Home Automation Benefits (Infographic)

November 6th, 2013 by  

The folks at My Alarm Center recently put together a pretty spiffy infographic on some of the awesome benefits of home automation, and what home automation technologies can do. Here it is:

home automation infographics facts

Some of the facts that surprised me were that:

  1. A light bulb can last 2.28 years (or 20 times) longer when dimmed 50%.
  2. 56% of the average home energy bill comes from heating and cooling.

Of course, beyond the potential energy benefits, the other noted uses and benefits are also very cool. As far as other cool stats, I was also struck by the fact that:

  1. People with home automation see home insurance savings of 20% (on average) or $1,154 a year.
  2. 1.8 million home automation systems were installed in the US last year (far more than I would have guessed).
  3. 12 million home automation systems are expected to be installed in the US by 2016.

It all makes sense. With the growth of smartphones and tablets, people are feeling more comfortable with such remote and sophisticated technologies. They are even coming to expect them. I can definitely see the home automation growth trend increasing fast in the coming years.

Any of you have experience with home automation technology, or any further thoughts on this side of cleantech?

Also see:

  1. Smart Home Product With Quickest Return On Investment?
  2. Honda Launches Smart Home Project
  3. Neurio Sensor Makes Ordinary Homes Smart
  4. Smart Homes, Smart Cities Markets To Double By 2017
  5. 5 Smart Home Technologies That Save You Money


Zach is tryin' to help society help itself (and other species) with the power of the word. He spends most of his time here on CleanTechnica as its director and chief editor, but he's also the president of Important Media and the director/founder of EV Obsession and Solar Love. Zach is recognized globally as a solar energy, electric car, and energy storage expert. He has presented about cleantech at conferences in India, the UAE, Ukraine, Poland, Germany, the Netherlands, the USA, and Canada. Zach has long-term investments in TSLA, FSLR, SPWR, SEDG, & ABB — after years of covering solar and EVs, he simply has a lot of faith in these particular companies and feels like they are good cleantech companies to invest in. But he offers no professional investment advice and would rather not be responsible for you losing money, so don't jump to conclusions.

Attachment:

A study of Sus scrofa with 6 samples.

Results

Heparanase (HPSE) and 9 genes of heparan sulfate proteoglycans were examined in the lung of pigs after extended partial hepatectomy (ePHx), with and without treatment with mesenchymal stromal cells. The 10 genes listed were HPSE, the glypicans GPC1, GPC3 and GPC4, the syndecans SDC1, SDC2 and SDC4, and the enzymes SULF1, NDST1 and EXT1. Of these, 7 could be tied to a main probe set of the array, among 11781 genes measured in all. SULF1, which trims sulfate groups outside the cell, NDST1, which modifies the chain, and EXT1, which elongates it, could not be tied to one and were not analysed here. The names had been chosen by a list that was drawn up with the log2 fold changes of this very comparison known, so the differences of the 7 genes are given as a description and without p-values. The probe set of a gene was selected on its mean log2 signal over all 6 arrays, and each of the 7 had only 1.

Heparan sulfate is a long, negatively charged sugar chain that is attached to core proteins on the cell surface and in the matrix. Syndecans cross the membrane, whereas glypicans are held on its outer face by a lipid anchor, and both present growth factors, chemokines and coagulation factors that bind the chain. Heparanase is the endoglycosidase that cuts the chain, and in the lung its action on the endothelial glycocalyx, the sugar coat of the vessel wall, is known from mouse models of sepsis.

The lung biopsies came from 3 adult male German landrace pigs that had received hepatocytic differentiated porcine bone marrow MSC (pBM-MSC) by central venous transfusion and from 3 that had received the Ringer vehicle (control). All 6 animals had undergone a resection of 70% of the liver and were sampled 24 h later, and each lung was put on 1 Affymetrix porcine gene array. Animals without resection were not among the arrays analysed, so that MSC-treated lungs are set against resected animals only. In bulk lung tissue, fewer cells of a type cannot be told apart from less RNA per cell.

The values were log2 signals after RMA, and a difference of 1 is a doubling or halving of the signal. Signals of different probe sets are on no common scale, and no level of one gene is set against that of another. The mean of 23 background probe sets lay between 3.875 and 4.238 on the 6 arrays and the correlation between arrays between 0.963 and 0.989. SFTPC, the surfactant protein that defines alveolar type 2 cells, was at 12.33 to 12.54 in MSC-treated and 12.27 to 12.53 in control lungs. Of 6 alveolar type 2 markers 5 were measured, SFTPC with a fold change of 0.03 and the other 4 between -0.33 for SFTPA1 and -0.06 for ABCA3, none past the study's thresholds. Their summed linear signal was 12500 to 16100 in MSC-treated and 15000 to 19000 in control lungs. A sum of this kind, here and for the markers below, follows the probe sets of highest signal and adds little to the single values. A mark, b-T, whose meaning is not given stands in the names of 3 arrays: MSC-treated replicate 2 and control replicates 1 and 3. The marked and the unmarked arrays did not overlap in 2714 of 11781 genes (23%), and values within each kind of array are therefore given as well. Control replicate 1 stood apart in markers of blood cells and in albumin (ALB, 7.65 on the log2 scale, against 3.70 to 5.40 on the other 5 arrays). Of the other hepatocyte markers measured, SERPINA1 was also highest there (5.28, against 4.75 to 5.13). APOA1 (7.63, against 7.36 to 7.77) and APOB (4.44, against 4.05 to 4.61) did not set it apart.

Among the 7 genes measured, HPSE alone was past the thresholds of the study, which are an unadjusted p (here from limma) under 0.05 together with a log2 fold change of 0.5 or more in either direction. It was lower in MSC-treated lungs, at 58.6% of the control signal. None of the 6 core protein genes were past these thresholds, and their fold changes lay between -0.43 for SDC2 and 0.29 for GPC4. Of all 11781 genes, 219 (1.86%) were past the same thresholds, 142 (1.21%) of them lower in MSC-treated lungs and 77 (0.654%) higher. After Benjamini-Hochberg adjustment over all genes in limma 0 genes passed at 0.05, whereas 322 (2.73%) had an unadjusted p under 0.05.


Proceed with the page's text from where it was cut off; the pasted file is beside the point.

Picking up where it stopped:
• Its the confusion between energy and electricity.

  • Most of the people are reluctant in getting a home automation service. But it has been seen that they are much happy once they invest in it because of the immense benefits it provides.

  • Marcus

    The light bulb won’t last 20x longer. An average incandescent at 3 hrs/day will last about a year. At 50% dimmed, it will last over 2 years (according to this graphic), which is TWICE as long, not TWENTY times.

    • Bob_Wallace

      I haven’t found any actual studies on line. What I find on a site that sells dimmers is the claim that a bulb which would normally last one year would last 3 years when dimmed 10%, 3-6 years when dimmed 25%, and 10+ years when dimmed 50%.

      “Dimmers reduce power to the lighting source or bulb, so they save energy
      and extend bulb life. Incandescent and halogen bulbs last up to 20
      times longer when used with a dimmer, increasing the money saved.”


      Lutron is a fairly major company. I would think their attorneys would have insisted on some sort of proof of claims prior to approving the ad.

  • John Pollock

    Maybe, the alliance to save enery is where I looked ot up and i searched ‘energy’ . Check this out…http://en.wikipedia.org/wiki/Domestic_energy_consumption ‘Average’ is so difficult to use in this case , location, income. This chart shows 20,000kWhr per yr and I know the DOE says 11,230…. Although the chart comes from DOE! Sort of depends on how you get your heat perhaps. I guess it also depends on your view.

    • Bob_Wallace

      Following the links back from your link I see what looks to be a confusion of energy and electricity.

      The Wiki page talks about energy without specifying only electricity or electricity and oil/NG.

      Chasing the Wiki reference back a page I find a discussion of electricity use per household without average per house numbers.


      The going one page deeper they discuss electricity, oil and NG as residential energy sources.


      (If I use the DOE link I get 2011 numbers.)

      Have you found a page where they post the 2008 household electricity use, not energy use?

  • John Pollock

    Average household energy bill in 2008 was $2200. (DOE)…somebody’s number is off.

    • Bob_Wallace

      A mix up between energy and electricity?